SDV Insights

In South Carolina, Insurer's Denial of Liability Does Not Waive Attorney-Client Privilege for Bad Faith Claim

Determining the scope of discovery can be challenging, particularly when an insurance bad faith claim is involved. Courts often face the difficult decision of weighing the importance of preserving attorney-client privilege with the public policy rationale of protecting an insured against their insurer's bad faith behavior. The Supreme Court of South Carolina recently recognized this dilemma by rejecting a hardline approach to bad faith discovery disputes and adopting a case-by-case analysis.


A recent Illinois Appellate Court’s decision in, Acuity Ins. Co. v. 950 West Huron Condominium Owners Association, 2019 IL App (1st) 180743 (2019), strengthens Illinois’ pre ...


In honor of Shark Week, that annual television-event where we eagerly flip on the Discovery Channel to get our fix of these magnificent (and terrifying!) creatures, I was inspired to write about ...


Policyholders in Puerto Rico should be aware of significant benefits provided by recent amendments to the Insurance Code. New rules establish an expedited method of property insurance dispute re ...


For those contractors and other parties enrolled in wrap-up insurance programs, one nagging issue frustrating risk transfer has been the Designated Operations Wrap-Up Exclusion found on many contractors' programs.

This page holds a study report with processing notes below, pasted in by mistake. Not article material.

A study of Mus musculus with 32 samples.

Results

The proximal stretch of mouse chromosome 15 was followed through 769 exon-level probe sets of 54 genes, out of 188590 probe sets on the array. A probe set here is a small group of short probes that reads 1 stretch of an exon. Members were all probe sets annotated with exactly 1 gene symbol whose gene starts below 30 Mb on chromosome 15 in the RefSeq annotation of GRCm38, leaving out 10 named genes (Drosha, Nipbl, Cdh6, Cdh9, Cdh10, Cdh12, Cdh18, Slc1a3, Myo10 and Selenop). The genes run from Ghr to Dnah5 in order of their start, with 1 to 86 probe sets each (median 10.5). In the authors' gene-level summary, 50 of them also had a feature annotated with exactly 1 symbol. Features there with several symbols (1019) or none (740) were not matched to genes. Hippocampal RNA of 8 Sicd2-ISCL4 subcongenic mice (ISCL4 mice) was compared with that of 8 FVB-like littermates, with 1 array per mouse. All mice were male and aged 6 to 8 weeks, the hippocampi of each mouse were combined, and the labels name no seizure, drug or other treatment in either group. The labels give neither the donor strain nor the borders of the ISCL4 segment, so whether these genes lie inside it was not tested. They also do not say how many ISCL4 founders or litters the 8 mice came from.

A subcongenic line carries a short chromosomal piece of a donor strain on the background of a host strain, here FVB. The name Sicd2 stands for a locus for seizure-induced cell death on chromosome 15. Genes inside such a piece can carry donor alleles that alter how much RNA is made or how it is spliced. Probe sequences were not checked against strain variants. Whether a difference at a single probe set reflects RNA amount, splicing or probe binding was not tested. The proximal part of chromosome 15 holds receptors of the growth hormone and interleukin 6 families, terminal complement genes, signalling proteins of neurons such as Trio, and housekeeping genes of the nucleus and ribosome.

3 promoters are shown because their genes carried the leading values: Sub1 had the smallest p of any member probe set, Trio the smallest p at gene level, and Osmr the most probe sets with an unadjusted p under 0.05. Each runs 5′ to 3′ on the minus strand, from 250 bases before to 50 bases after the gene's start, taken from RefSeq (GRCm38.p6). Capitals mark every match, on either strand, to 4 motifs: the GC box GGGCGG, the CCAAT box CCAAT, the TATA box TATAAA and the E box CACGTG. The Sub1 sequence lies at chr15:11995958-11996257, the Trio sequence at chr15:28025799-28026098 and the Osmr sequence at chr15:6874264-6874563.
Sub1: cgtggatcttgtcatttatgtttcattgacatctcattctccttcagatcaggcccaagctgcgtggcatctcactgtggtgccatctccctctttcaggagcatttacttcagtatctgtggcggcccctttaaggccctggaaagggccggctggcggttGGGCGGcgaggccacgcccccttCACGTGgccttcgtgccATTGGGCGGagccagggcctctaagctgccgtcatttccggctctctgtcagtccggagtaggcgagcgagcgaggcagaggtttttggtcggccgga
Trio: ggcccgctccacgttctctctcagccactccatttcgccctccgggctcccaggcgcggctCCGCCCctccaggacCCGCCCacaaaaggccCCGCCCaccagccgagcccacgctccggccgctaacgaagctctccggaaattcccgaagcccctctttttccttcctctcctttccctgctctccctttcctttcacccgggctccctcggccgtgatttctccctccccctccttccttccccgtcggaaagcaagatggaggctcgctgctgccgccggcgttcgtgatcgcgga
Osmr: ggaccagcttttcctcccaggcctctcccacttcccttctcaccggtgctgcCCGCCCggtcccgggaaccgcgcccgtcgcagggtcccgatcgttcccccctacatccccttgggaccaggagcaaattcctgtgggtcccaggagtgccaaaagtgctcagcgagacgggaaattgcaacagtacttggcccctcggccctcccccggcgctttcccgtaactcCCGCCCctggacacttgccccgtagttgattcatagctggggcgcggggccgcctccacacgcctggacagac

On June 24, 2019, the Colorado Supreme Court ruled that the plain language of appraisal provisions in insurance policies, requiring “impartial appraisers,” direct
appraisers ...


The California Supreme Court recently accepted a certified question from the Ninth Circuit regarding coverage for claims arising under the Telephone Consumer Protection Act ("TCPA"). The Court will determine whether a commercial general liability ("CGL") policy's modified personal and advertising injury coverage clause includes claims based on the insured's sending of unsolicited text messages that do not reveal private information.


On April 4, 2019, the Appellate Division of the New Jersey Superior Court confirmed that the waiver of subrogation provision in a commonly used form construction contract, American Institute of Architects (AIA) form A201 -- 2007 General Conditions of the Contract for Construction, precluded an insurer's claims against a subcontractor.


Tennessee's Supreme Court recently held that an insurer may not withhold repair labor costs as depreciation when the policy definition of actual cash value is found to be ambiguous. Tennessee joins other states like California and Vermont that prohibit the depreciation of repair labor costs in property policies.


In recent years, the foundations of approximately 35,000 homes in northeastern Connecticut have begun to deteriorate as a result of faulty concrete used to build homes during the 1980s and 1990s. Dozens of homeowners have been suing their insurers for denying coverage for claims based on the deteriorating foundations. Of those cases, three related lawsuits against Allstate Insurance Company were the first to make it to the federal appellate level.